In an age where more of your information than ever is being stored digitally, identity protection has never been more important. Think about it, you’re probably carrying around a rectangle in your pocket right now, that not only keeps a detailed log of the passwords to all the websites you frequent, but your credit card information as well. These features are, for the most part, amazing, seamless, and convenient, but they also require some extra security to ensure that the people using these features are who they say they are. Identity Management is vital in keeping your personal information between you, and the devices you store it in, and is something that we have seen grow both in commercial, and business applications.
Currently, we have several ways of authenticating our identity across different applications, websites, etc. such as: passwords, tokens, cards, biometrics, mobile devices or pin numbers. Generally, the level of authentication used is determined by the value of the asset or data being protected. Traditionally, one of these authentication methods are used to access accounts or data, but more recently we have witnessed the shift to two or more authentication methods for added security. This is often referred to as ‘two-factor’ or ‘multi-factor’ authentication. While two-factor authentication is becoming more commonplace, the most frequently used identity authenticator is a password, which has long been thought to be the weakest link in authentication. When creating a password, the average individual will often choose to use a word that they’ll be able to easily remember. Unfortunately, someone who knows that individual may be able to use what they know to guess their password. That’s where two-factor authentication comes into play. When you sign into an account with your login and password, a second method of authentication will need to be completed before you can gain access – generally a PIN code delivered by email or text message. This prevents other people from gaining access to your assets or data.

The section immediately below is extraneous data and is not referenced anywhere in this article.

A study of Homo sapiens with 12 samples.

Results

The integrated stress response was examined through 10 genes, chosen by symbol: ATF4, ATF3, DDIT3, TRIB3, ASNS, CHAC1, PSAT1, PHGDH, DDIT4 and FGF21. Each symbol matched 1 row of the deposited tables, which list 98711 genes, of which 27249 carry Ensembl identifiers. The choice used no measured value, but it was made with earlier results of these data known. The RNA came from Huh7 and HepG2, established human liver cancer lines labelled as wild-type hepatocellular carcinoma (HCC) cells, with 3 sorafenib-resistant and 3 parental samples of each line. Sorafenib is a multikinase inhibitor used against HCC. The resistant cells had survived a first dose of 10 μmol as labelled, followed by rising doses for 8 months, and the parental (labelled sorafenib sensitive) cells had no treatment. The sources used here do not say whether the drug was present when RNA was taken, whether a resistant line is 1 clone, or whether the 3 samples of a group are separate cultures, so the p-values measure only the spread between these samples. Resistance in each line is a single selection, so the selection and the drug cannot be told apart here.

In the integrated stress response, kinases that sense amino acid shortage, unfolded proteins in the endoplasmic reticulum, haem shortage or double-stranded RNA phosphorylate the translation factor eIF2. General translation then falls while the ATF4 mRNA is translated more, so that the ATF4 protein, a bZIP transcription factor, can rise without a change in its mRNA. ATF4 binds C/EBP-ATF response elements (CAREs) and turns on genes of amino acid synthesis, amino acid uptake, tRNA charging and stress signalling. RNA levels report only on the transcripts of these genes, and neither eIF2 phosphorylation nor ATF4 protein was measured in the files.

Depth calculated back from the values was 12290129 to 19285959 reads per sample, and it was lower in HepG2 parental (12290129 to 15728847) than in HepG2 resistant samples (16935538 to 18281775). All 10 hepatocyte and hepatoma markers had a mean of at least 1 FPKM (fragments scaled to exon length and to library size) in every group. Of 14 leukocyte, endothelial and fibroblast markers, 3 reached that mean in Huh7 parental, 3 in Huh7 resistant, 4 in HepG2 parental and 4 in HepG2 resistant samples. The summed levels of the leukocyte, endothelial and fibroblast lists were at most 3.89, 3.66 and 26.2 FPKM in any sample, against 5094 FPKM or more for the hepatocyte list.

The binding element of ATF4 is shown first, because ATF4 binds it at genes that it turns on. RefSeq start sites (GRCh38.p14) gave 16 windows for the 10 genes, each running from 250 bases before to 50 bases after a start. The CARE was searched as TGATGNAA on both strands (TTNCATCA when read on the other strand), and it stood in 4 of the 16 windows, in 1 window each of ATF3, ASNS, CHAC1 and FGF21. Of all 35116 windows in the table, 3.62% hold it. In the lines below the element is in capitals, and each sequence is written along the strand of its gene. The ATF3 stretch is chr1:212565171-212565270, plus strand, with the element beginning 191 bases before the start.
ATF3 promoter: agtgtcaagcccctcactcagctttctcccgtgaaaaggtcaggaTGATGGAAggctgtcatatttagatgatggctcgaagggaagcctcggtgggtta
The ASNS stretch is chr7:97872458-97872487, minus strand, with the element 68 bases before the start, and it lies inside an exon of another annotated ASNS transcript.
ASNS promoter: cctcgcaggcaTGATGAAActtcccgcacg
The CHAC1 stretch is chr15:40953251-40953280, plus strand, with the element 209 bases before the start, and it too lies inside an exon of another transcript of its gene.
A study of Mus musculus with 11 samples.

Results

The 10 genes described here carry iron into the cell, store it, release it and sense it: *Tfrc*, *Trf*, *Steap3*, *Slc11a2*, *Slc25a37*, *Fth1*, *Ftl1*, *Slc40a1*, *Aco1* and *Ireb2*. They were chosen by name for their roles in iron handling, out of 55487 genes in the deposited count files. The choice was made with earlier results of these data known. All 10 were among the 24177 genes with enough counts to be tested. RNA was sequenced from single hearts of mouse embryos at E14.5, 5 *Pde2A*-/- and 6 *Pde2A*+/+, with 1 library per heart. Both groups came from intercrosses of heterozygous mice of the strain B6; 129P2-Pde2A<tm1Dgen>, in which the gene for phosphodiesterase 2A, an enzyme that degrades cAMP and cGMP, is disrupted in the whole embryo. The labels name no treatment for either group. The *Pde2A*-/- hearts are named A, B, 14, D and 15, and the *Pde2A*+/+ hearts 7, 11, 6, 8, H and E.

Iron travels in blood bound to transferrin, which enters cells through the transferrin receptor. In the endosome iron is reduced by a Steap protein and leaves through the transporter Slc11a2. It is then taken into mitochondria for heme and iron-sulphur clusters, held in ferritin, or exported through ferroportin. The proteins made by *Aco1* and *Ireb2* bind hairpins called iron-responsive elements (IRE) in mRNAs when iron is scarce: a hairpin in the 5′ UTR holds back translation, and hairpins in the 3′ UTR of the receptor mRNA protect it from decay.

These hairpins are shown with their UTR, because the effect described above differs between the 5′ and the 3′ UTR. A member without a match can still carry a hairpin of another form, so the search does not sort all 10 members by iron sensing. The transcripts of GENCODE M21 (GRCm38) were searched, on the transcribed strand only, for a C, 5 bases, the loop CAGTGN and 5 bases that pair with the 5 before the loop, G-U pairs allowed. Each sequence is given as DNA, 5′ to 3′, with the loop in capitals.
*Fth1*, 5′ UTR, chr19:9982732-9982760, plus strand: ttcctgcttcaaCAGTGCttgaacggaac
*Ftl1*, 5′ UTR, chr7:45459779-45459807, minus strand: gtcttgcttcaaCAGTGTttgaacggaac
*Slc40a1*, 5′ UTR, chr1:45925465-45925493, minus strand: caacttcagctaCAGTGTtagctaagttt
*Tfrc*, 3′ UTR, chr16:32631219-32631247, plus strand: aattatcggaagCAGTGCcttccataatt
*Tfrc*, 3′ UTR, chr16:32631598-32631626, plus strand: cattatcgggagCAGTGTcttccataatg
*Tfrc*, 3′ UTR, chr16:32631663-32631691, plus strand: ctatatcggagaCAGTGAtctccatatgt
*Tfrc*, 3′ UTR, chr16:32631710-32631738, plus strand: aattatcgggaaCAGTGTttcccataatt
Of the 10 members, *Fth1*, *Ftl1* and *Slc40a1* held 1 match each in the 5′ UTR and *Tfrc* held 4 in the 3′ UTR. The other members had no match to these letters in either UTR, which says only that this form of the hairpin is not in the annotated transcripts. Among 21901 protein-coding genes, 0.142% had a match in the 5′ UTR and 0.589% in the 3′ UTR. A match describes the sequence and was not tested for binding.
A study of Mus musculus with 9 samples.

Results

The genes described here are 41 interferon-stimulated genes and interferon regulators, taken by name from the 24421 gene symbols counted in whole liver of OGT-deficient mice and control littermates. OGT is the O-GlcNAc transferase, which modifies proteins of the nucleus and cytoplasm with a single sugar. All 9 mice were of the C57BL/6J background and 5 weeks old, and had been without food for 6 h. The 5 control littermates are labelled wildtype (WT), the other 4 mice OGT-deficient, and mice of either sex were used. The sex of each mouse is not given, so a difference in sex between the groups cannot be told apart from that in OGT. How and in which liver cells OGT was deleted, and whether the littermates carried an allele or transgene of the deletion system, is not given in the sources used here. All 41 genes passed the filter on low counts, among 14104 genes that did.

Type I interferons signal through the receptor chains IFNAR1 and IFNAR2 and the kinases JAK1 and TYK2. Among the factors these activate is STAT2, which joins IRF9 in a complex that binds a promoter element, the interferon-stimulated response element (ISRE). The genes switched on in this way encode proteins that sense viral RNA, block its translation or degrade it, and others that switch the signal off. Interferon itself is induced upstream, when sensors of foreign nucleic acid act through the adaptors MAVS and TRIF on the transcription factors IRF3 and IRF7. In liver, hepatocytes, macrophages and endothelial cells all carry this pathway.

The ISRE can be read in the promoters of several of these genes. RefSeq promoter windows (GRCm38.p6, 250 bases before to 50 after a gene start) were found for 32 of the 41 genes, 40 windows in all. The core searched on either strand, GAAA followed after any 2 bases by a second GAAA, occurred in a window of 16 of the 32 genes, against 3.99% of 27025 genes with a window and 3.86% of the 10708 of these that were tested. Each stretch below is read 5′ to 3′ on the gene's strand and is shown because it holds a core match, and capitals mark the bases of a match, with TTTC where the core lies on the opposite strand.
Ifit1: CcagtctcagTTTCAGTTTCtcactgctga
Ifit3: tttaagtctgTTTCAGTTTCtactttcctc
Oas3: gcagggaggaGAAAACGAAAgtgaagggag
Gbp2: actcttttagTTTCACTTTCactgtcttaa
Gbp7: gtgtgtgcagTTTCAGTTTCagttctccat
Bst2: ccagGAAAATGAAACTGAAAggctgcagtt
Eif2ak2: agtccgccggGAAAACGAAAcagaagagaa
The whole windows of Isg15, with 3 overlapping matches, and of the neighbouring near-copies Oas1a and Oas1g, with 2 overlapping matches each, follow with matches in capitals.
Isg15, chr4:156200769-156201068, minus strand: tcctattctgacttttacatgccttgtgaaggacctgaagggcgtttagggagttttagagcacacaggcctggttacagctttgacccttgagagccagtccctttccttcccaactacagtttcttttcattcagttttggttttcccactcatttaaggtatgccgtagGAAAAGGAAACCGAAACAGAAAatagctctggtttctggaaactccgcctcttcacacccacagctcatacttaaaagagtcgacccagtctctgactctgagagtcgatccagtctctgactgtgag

Physical access is another area of identity management that we have seen evolve relatively recently. What used to be restricted to cards as identifiers have moved towards mobile authenticators. What’s the one asset that everyone wants to protect? Their money. For years, the only way to access your funds was through the use of a debit card, but more recently, people have been able to make purchases using Near Field Communication (NFC) technology with their mobile devices. Concerns about security arose when this technology started to roll out, but these mobile devices manage identity by way of biometrics – a fingerprint or face scanner, or the constant connection of a wearable – to determine that you are who you say you are. This makes purchasing something much more convenient, as most of us are always walking around with our mobile devices in our pocket.
The next step for digital access is to iron out the inherent issues with multi-factor authentication. The biggest hurdle with multi-factor authentication is the fact that it can be inconvenient. It’s much safer, but (even anecdotally) something that stops most users from utilizing this extra security is that it takes too long, or there are too many steps to access their accounts, so they simply shy away. The beautiful thing about something like Apple Pay (a system that allows you to make purchases with your iPhone or Apple Watch) is that every authentication step happens seamlessly. You pull out your phone, double click on the home or power button, the device scans your fingerprint or face, and you tap the device to the terminal to pay. It’s faster than even pulling out your wallet, fumbling for the correct card you want to pay with, and either tapping it or using the chip & PIN. As far as accessing online accounts, the multi-factor authentication process is still a little too sluggish, and that is something that will certainly need to change if everyone is going to adopt it.
In today’s digital landscape, there’s nothing so important as protecting your online identity. Something like multi-factor authentication can be a little bit of a hassle, but understanding that it’s key in protecting yourself online, and is vital to keeping your assets and data secure. Identity management has come a long way as far as utilizing methods like mobile authentication, but there are still some hurdles, most notably seamlessness when it comes to multi-factor authentication, that must be overcome to make for a truly secure future.